Education Dive’s 2015 State of Education Technology survey polled more than 150 education leaders and teachers to learn how technology is being used in school districts across the country and what challenges to access they face. What they learned was that schools are underfunded and teachers are undertrained, facing environments where the technologies they use aren’t always reliable.
The survey’s results paint a picture of education in flux. As schools continue to transition toward more digital learning efforts, many educators are playing catch-up, learning how to incorporate these new tools within their curriculum.
Respondents were asked to name the three greatest challenges they face in providing access to education technology in their district. The following are the eight top issues they cited:
- 75.9% — Budget limits
- 53.9% — Inadequate professional training
- 41.4% — Teachers resistant to change
- 38.2% — Inadequate network infrastructure
- 30.9% — Unreliable device/software options
- 29.6% — No systems to use technology for curriculum
- 17.8% — Other
- 13.2% — District doesn't see immediate need for more technology
On the brighter side of things, the survey narrowed down the top three technologies that have impacted learning: notebooks (62.1 percent), interactive white boards (54.8 percent) and tablets (50 percent).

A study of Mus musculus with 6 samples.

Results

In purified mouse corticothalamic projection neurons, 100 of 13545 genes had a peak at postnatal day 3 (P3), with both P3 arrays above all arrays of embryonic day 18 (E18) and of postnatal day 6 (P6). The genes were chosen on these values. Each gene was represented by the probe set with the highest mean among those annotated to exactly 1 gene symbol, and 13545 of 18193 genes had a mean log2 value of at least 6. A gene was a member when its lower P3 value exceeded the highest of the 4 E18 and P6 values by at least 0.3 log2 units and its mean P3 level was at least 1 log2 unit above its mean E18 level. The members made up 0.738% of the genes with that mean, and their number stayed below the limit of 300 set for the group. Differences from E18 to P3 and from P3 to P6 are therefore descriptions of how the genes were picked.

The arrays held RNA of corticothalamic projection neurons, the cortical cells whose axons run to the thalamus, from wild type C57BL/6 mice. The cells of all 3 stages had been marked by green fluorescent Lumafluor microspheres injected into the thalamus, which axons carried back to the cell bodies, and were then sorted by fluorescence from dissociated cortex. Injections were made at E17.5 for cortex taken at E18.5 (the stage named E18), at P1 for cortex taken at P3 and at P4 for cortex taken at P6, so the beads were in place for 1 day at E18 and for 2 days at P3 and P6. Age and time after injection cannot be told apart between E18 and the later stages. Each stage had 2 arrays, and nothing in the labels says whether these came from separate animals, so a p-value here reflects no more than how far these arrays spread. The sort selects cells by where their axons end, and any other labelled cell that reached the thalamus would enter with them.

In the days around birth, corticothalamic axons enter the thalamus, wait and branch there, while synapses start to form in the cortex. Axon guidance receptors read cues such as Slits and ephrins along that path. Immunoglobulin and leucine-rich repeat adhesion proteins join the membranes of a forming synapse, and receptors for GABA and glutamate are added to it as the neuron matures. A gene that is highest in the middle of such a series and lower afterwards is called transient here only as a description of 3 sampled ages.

Other survey results showed that education leaders are beginning to grapple with the gap between available technology and educators' mastery of it. Slightly over 86 percent of respondents said they agreed that teachers in their district need more training in education technology. And nearly three-quarters of respondents (74.3 percent) selected professional development as the top priority for educators as they prepare for 2016.
The notion of professional development being in greater need was reinforced by a recent ConnectIT blog from CDW•G’s Eric Patnoudes.
“If there is one thing in this world I know to be true, it is that all of those technologies will have little to no impact on learning if teachers are not also provided with training and professional development to help them evolve from the conventional teaching practices of the 20th century,” writes Patnoudes.
The complete survey can be downloaded from Education Dive’s website.